The Helpline

Pay phones

‘I can’t get to the damn phone with all these toys on the stairs Claire! Get the kids to sort this shit out!’

‘Don’t shout at me, and watch your language. The kids don’t know what’s going on, don’t take your temper out on them!’

Andrew clings to the banister as he tries to navigate one toy at a time before jumping down the final five steps. Narrowly avoiding crushing a pirate ship and sending Peppa Pig to her untimely end, he makes it down.

Panic has set in. Will he need to move the family? Is his marriage going to survive this? Are their kids going to hate them for making this decision when they’re older? The faster he could make some calls to see the extent of what was going on, the better. If he could just find a phone! Two cell phones and a landline in the house and he can’t get his hands on a single one when he needs it.

His hands are trembling. He looks longingly down at them, hoping they might steady and direct him in some way. Steer him in the direction he’s supposed to go. What’s the game plan now?

Claire joins him at the bottom of the stairs. She looks at her husband staring hopelessly at his hands as if they know something he doesn’t. She gathers them in her own and tries to reason with them.

‘We’ll figure it out Andy, we always do. Please don’t lose it on me now’.

‘Don’t you see? Don’t you see how bad things are going to get? This isn’t dealing with your drunk parents fighting on Thanksgiving. Or finding a school that can handle Sarah’s ADHD. We have no comeback to this. We can’t just go into work today like nothing has happened. Everything has changed!’ Andrew pulls back his hands and clasps either side of his head, stretches the skin on his temples and tries to think. His head is pounding. ‘Help me find a God damned phone Claire, please!’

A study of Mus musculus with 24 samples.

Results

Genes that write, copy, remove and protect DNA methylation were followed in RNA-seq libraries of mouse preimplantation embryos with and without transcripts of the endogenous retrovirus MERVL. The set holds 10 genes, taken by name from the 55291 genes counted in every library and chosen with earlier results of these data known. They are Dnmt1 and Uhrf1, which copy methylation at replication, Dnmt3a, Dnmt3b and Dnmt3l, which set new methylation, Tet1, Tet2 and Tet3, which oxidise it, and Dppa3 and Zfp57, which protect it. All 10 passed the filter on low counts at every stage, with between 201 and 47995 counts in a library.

Agitated and upset, she drops her arms by her side and looks up sadly at her husband. She spots something from the corner of her eye. It’s her cell phone. Andrew gives his wife a grateful glance and takes the cell phone from her offering hands.

Frantically now, he types in the phone number. The number his sister gave him a long time ago, what feels like an eternity. Just before pressing the call button and for a fleeting moment, he recalls the pathetic look he gave his sister when she passed him a scrap of paper with it written on it. ‘Oh don’t be such a drama queen, what’s the worst that can happen? You might be wavering, but I’m sticking to my guns, whatever way this turns out.’ He had said to her.

‘Well, what are they saying?’ Claire asks hurriedly.

But her husband’s face has gone white. All colour has drained from his skin, and he’s frozen. He’s looking at her, but he is lost. She can feel him begging for help, his gaze a silent scream as he points the phone towards her on speaker and she hears it. An automated voice, adding to their uncertain terror.

‘Hello, you’ve reached the What-Have-I-Done?! helpline. We’re experiencing a colossal volume of calls, but your call is important to us. You are number 59,085,795 in line; please hold. Thank you’.